British Submarine technology is cutting edge, but for a century they have relied on one piece of technology to see above the water’s surface: the periscope.
In theory, the periscope is a very simple piece of tech which consists of two reflecting prisms or mirrors at 45° angles to one another.
The first deflects light down a vertical tube, whilst the second diverts the image so that it can be viewed, although more advanced technology allows for the image to be magnified.
Technology company Thales, formally Barr and Stroud, has been the sole provider of periscopes to the Royal Navy since the Victorian era.
In 1888, they were chosen to put a range finder into a periscope for the Royal Navy, which gave submarine's commander greater awareness of the battlespace at sea, whilst also helping with navigation.
In 1917, Thales became officially the sole supplier.
However, it was the simplest form of periscope that was used in WWI trenches to look over the top.
In WWII, periscopes were used in tanks so that the driver, gunner and commander might observe their surroundings, as well as for aim.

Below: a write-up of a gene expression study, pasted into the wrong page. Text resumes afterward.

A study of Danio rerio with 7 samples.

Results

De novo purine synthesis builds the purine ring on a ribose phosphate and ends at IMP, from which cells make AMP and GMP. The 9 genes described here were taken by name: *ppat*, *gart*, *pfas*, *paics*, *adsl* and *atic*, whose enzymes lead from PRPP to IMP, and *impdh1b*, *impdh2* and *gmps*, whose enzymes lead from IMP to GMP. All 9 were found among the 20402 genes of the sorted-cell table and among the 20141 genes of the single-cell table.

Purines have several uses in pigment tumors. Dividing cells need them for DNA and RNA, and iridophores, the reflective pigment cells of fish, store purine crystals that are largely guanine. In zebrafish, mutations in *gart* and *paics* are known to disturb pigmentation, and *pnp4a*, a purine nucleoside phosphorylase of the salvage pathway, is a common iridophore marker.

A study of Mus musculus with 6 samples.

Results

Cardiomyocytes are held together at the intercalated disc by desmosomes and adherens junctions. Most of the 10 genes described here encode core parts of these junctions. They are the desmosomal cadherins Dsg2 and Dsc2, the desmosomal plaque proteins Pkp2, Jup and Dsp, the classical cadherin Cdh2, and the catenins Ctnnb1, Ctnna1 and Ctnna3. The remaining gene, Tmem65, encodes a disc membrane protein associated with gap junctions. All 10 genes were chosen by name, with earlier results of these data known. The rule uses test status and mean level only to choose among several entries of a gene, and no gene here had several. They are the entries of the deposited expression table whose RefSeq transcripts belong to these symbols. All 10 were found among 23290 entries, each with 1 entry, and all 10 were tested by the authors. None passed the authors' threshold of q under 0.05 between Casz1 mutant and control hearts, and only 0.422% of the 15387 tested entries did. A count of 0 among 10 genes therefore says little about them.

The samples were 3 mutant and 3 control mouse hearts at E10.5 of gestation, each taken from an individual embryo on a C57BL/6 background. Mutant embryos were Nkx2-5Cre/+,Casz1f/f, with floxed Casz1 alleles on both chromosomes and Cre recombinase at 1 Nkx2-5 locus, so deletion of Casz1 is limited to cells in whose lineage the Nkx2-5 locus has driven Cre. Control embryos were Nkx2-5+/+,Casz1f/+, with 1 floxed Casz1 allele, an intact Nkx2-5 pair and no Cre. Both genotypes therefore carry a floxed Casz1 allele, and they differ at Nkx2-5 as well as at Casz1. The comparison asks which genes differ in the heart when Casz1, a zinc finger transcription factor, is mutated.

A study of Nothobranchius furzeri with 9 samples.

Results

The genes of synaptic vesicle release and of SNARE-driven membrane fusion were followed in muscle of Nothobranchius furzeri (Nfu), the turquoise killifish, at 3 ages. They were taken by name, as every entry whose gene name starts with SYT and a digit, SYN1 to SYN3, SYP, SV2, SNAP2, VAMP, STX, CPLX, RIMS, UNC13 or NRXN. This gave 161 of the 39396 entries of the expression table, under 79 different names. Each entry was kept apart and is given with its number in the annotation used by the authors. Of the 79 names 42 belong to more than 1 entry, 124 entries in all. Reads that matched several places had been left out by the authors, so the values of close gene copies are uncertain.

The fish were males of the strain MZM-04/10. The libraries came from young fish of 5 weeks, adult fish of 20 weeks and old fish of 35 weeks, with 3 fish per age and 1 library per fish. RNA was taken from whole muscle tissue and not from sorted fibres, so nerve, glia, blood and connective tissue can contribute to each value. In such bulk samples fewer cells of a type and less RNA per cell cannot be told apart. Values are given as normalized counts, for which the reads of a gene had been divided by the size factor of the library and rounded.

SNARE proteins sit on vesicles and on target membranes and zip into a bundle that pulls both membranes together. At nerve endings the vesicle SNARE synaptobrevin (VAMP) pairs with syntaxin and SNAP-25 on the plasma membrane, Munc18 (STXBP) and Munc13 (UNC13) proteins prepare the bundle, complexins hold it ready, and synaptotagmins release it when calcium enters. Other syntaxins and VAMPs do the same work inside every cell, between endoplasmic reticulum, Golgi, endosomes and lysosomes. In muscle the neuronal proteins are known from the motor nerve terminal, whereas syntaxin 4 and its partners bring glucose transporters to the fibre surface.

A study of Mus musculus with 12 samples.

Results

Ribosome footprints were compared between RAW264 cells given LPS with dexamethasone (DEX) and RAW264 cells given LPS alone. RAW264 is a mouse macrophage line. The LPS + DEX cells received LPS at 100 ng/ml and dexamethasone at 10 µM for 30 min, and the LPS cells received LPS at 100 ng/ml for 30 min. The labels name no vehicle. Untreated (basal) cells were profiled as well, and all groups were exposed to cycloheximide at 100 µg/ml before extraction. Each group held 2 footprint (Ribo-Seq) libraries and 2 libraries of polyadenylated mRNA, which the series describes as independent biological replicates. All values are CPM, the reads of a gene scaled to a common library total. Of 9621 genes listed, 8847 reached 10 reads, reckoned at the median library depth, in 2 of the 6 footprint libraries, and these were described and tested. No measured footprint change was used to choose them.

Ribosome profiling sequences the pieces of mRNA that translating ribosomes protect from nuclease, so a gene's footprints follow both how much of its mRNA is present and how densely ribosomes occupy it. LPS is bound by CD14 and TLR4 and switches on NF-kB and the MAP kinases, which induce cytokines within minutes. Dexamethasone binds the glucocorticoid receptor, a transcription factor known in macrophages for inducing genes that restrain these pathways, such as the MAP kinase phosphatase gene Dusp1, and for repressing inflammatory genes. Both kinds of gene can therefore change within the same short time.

During the Second World War, Thales periscopes helped in the fight against German battleships like the Tirpitz, whilst the Cold War saw attack periscopes fitted to the Oberon class of submarines.
Gradually, however, things began to change. It was no longer periscopes that were wanted, but Optronic masts which Thales supplied on the Astute class of submarines.
Periscopes gave just one man, a sub's captain, a few seconds to risk a peek above the waves and form a picture of the battlespace.
Thales has just marked the century-long relationship with the Royal Navy with a special event, during which special ‘Apprentice Alumni’ panels were unveiled.
Harriet Baldwin MP, Minister for Defence Procurement, was present at the celebration. She said:
"It is a remarkable history that over 100 years we have been purchasing the periscopes for our submarines from these brilliant engineers here in Glasgow.
"Today is not just about celebrating that 100-year history, it's also about looking forward to the next generation and meeting some of the apprentices, some of the graduates who are joining the company."
Her Majesty's Naval Base Clyde is the future single home of the Royal Navy submarine service.
Thousands of apprentices have been through Thales in it's the last century. Some have put 50 years into the developing the niche engineering skills needed, but that hard won knowledge is being passed on to the latest Scottish graduates to arrive.
It thanks, in part, to Thales, that Britain has been able to stay ahead of the game when it comes to Naval Warfare.